History of Indwelling Catheters

Indwelling urinary catheters have been utilized to empty the bladder since as early as 3000 B.C. In ancient Greek, the word catheter is derived from the word “kathie´nai”, which literally means ‘‘to thrust into’’ or ‘‘to send down’’ and was primarily used in men for urinary retention. These catheters were rigid and used intermittently.  It was not until the 18th century that urinary catheters were first fashioned from rudimentary rubber materials.

The modern retention balloon catheter was developed as a collaboration between Dr. Frederick E.B. Foley and Charles Russell Bard.  Dr. Foley initiating used the catheter for post-prostatectomy hemostasis. Over time, the use of a balloon self-retaining catheter was used for the management of urinary incontinence. This balloon design (called a retention catheter) allowed for urinary catheters to remain in place (indwelling in the bladder) with a reasonable degree of patient comfort. Furthermore, such a fixed position permitted external collecting devices (e.g. drainage tubing and bag) to be connected to the catheter. These indwelling catheters are commonly referred to as a Foley or Foley catheter.

But these initial catheters were rubber material and used long-term leading to urethritis and urethral strictures, encrustation, and infection. In 1968, catheters constructed from silicone elastomer were introduced and these reduced the incidence of urethritis and rates of encrustation and infection also decreased. Catheters with chemical impregnation and ‘‘antimicrobial’’ coating, particularly silver were released in 2001.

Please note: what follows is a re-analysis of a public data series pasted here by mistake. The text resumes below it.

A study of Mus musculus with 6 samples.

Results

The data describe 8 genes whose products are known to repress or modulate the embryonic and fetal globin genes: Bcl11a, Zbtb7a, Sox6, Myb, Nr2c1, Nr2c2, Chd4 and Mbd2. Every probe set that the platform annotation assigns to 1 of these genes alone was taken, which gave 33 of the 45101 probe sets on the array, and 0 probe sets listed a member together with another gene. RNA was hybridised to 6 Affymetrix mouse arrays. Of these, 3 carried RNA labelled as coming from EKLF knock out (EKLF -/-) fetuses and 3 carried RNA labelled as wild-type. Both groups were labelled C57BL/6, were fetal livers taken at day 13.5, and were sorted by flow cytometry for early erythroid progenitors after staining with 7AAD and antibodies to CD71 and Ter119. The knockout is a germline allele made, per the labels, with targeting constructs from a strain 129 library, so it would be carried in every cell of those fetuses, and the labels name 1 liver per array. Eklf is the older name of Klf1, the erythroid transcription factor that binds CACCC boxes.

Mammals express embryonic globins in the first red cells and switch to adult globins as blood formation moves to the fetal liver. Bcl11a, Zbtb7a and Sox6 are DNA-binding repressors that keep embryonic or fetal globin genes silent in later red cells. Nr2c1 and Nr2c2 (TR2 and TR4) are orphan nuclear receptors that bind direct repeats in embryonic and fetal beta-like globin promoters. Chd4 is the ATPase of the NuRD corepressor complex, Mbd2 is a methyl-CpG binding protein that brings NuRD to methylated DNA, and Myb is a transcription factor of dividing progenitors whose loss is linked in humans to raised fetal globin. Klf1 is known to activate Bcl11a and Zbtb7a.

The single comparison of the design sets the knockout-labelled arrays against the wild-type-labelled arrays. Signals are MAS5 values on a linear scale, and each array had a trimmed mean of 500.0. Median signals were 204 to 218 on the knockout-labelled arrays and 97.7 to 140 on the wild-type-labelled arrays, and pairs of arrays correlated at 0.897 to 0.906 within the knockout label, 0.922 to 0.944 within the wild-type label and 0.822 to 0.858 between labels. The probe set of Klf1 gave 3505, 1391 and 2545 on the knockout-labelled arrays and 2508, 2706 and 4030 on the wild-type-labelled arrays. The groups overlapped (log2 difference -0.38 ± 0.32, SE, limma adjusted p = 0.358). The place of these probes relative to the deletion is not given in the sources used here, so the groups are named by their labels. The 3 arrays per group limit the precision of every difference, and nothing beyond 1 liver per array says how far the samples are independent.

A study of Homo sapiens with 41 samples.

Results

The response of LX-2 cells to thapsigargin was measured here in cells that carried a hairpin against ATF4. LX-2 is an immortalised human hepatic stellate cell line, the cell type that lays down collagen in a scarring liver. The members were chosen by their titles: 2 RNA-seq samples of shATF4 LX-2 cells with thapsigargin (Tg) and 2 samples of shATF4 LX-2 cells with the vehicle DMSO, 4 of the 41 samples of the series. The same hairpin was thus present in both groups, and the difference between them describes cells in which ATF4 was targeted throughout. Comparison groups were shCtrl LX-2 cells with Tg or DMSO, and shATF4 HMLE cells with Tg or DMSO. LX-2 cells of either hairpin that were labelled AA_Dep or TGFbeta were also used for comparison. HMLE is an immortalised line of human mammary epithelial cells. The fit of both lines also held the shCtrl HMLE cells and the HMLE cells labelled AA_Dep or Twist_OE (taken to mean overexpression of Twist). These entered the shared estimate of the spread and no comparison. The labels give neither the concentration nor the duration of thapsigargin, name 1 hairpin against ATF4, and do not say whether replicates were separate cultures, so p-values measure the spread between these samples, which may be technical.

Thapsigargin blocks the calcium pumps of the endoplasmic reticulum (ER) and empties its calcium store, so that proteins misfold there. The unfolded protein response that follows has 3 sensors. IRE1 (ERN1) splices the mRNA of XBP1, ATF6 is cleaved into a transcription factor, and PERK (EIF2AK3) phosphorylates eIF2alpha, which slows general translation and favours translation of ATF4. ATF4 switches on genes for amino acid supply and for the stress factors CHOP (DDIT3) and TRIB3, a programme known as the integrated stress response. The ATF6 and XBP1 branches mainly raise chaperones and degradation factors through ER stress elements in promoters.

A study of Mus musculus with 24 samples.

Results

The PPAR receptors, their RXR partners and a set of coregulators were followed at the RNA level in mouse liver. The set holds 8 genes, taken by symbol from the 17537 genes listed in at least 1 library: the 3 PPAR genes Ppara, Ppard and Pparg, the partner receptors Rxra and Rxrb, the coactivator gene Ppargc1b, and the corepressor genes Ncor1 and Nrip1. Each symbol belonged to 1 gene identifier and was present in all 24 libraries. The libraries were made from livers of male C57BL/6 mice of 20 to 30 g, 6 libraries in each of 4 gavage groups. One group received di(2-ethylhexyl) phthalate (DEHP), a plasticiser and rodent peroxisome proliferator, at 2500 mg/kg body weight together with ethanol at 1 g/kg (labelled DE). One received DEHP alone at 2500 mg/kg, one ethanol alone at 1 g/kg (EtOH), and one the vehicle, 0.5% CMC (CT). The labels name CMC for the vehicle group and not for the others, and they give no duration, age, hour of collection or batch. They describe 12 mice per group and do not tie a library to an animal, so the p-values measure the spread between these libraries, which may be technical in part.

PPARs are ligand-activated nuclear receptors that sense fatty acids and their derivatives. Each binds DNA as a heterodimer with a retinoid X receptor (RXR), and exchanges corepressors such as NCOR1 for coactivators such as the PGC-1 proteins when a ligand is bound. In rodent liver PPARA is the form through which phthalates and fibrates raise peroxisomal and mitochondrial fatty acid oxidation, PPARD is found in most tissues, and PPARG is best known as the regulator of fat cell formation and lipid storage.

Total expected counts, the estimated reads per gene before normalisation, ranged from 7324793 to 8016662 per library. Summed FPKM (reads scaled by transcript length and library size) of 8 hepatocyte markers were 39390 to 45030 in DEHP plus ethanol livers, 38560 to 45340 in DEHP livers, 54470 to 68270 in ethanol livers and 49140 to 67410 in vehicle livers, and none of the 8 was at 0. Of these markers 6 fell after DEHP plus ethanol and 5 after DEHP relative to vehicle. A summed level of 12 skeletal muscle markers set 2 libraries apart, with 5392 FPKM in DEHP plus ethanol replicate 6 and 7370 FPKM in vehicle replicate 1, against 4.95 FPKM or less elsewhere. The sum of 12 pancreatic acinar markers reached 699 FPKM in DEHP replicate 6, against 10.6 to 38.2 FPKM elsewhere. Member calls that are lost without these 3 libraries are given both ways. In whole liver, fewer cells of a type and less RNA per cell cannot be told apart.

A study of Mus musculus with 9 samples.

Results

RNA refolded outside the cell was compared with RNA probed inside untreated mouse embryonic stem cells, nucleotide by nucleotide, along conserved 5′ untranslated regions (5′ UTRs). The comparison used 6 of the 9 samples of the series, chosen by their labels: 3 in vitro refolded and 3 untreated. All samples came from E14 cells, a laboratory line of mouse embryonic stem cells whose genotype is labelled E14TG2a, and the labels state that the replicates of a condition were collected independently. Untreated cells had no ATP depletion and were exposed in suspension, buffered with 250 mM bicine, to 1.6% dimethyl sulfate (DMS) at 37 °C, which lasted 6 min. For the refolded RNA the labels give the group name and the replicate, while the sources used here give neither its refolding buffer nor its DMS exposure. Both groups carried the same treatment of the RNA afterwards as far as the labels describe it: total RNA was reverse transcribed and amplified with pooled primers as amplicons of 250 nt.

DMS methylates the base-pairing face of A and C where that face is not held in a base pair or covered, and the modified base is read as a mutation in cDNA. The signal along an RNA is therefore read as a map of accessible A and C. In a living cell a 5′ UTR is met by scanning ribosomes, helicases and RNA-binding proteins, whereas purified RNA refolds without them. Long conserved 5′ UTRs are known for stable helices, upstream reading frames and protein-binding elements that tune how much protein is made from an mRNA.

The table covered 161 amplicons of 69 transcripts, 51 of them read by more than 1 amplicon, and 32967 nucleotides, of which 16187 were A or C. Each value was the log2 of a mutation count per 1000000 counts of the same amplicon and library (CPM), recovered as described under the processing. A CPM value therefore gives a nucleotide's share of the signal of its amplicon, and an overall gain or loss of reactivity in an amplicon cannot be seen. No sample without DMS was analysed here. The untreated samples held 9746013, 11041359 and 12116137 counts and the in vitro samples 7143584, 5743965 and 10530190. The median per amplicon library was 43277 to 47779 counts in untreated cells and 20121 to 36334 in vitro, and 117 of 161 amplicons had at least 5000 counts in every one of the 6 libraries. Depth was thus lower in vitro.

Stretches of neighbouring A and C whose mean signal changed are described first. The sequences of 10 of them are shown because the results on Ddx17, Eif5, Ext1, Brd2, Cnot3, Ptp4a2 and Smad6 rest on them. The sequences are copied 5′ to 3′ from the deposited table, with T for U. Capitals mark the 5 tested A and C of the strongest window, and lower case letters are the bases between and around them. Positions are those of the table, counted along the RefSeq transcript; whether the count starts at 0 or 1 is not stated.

The UroToday Urinary Catheter Reference Centers is a unique educational initiative which brings to clinicians, health-care decision makers and patients the resources to make evidence-based decisions about product selection and tools that support preventing catheter-associated urinary tract infections and other catheter-related complications.


References:
1. Feneley RC, Hopley IB, Wells PN. Urinary catheters: history, current status, adverse events, and research agenda. J Med Eng Technol. 2015;39(8):459-70. doi: 10.3109/03091902.2015.1085600.
2. Foley FEB. 1937, A hemostatic bag catheter. Journal of Urology, 1937,38, 137–139. 15.
3. Maki D.G. & Tambyah PA. Engineering out the risk for infection with urinary catheters. Emerging Infectious Diseases, 2001, 7, 342–347.
4. Mangelson NL, Kado RT, & Cockett ATK. 1968, Silicone rubber uses in the lower urinary tract. Journal of Urology, 1968,100, 573–577. 16.